The Atlanta Olympics brought a huge influx of Irish to that great southern city in 1996.
They weren’t slow about bringing the GAA with them and quickly formed the Clan na nGael club to formalise the interest brought about by the burgeoning men’s football team.
Hurling followed in 1999, Ladies football in the early 2000s and finally camogie three years ago. Most of the male playing members are Irish with about 90% of the women American-born.
This Saturday night, to coincide with the visit of the Boston Celtics to the Atlanta Hawks, the NBA fans of a relatively non-Irish neck of the woods will get to see an exhibition of Gaelic football skills right there on the hardwood, about a half an hour before the main event.
It was the brainchild of Paul Gleeson, the Consul General of Ireland to Atlanta, along with the club’s fundraising officer Paul Bradley, a Cork native and a Mayfield clubman.
And of course there’s a Kerryman involved too, club PRO David O’Donoghue from Killarney, who, like so many Irish expats, rediscovered the GAA through a desire to reconnect with home.
First and foremost, Saturday night’s co-piloting with the undeniable slickness of US sporting event marketing will lead to interest from new players and grow membership.
But O’Donoghue points to an even more interesting angle: bringing together the small but scattered Irish community which calls Atlanta home.
“We’re a little bit disparate as a community and we’re not huge in numbers, relatively speaking,” he said yesterday.
“Our club is a reasonably sized group but we’re outmatched by the Irish traditional music scene down here. So this is a great way to bring them and us together and try and promote Irish culture and the image of Ireland in the southeast.
“It’s a great initiative. As of Monday, we had 70 tickets sold of our allocation of 100 but I’m very confident we’ll sell the whole lot. For the small community that we have, it’s quite an achievement.”
Sadly there’ll be no hurling. Hawks officials were, at best, reluctant to allow the clash of the ash on their pristine wood. Months in the planning, Clan na nGael sent along Eamonn Gormley’s “Fastest Game on Grass” YouTube production in the hope that the NBA club would be attracted by the utter exoticism of it all.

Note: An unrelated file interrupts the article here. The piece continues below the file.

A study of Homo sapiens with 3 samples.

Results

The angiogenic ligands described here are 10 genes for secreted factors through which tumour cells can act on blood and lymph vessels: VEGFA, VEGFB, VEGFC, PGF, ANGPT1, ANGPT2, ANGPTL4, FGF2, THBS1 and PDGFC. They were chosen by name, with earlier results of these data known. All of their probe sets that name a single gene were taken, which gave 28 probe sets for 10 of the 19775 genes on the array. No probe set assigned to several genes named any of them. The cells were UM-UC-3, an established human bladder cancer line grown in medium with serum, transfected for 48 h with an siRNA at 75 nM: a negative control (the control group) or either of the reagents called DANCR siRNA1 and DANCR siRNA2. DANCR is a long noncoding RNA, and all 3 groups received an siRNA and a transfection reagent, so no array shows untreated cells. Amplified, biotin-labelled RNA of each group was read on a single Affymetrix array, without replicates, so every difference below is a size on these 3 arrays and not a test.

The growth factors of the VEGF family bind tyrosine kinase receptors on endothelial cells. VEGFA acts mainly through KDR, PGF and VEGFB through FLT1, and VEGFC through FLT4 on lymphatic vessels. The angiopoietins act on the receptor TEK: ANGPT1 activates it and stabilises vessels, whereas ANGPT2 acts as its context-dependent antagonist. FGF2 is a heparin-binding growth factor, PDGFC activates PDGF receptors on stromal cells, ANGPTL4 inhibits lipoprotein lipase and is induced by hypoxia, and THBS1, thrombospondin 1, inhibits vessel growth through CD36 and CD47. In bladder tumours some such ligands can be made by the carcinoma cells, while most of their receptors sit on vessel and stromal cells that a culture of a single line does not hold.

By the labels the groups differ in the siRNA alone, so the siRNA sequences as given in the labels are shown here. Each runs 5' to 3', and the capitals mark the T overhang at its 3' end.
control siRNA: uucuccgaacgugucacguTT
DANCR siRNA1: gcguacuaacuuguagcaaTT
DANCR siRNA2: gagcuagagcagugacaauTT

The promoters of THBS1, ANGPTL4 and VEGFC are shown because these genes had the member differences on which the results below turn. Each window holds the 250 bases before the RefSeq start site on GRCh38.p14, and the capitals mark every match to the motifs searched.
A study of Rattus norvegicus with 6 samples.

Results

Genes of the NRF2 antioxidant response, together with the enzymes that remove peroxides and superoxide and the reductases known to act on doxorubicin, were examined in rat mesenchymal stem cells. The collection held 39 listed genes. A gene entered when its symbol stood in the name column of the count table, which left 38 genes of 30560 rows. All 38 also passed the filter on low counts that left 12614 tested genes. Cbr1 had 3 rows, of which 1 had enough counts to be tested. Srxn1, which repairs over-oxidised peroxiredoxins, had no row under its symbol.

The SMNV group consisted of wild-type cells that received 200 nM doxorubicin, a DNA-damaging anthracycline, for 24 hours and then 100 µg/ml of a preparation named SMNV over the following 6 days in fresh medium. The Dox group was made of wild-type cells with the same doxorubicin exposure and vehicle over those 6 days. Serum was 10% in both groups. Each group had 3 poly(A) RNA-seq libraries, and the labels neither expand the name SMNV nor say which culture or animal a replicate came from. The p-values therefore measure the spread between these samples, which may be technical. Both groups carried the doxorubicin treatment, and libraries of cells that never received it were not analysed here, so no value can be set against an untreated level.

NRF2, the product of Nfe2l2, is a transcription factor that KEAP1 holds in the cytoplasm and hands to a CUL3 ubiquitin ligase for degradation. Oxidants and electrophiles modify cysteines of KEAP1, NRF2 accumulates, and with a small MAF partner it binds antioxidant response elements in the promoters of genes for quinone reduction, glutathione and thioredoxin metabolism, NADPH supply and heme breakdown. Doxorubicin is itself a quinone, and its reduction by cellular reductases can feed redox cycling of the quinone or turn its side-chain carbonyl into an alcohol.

I can’t help picturing what the scene must have been like at board level, a few suits huddled around a laptop, appalled by the brutality of Kilkenny players or Waterford players. They have enough to deal with, trying to keep their own players from causing a riot.
“Yeah, Eamonn’s video was a bit too authentic for them, a bit too real,” laughs O’Donoghue.
“But we’re hoping they’ll let us do the hurling next year. They’re a bit worried about having sticks on the court I think. We had planned to use tennis balls and put our best hurlers out there and make sure the balls didn’t go too far but they were just a bit nervous of having the hurleys hitting the hardwood — it’s obviously very expensive.”
The Irish Heritage Night is a common marketing tool in US sport and is particularly suited to baseball, both at Major and Minor League levels. Every city with even a hint of Irishness will dedicate a summer evening to the Irish and normally what it lacks in authenticity, it more than makes up for it in the sort of offensive stereotyping we’ll never overcome.
But it is however extremely rare that an NBA team, especially a southern one like Atlanta, would agree to combine an Irish night with a GAA exhibition and this is a huge credit to the club itself as well as all those involved in the ever-evolving South East Division of the North American County Board — geographically spread out across several states but extremely active, organised and enthusiastic. Interestingly, most of the South East clubs emphasise hurling, reflecting a pattern in the US outside of the major Irish cities.
The Gaels of Atlanta will have six or seven minutes to impress on Saturday so the plan had to be well thought out. That’s where Colm Egan, the NACB Games Development Officer in Chicago, stepped in with valuable advice.
“He told us to emphasise skills that are different to basketball,” points out O’Donoghue, “things that Americans aren’t used to seeing. Soloing the ball, long kick passing.
“In our heads, we were thinking we’d play up the similarities to basketball but his advice was to make ourselves look different.
“Given the fact that it’s the weekend before Thanksgiving, we expect the arena to be sold out which will be about 18,000 people there for tip-off. When we’re on, there’ll be hopefully about 11, 12,000. It’s by far the biggest exposure we’ve had down here since forming the club.”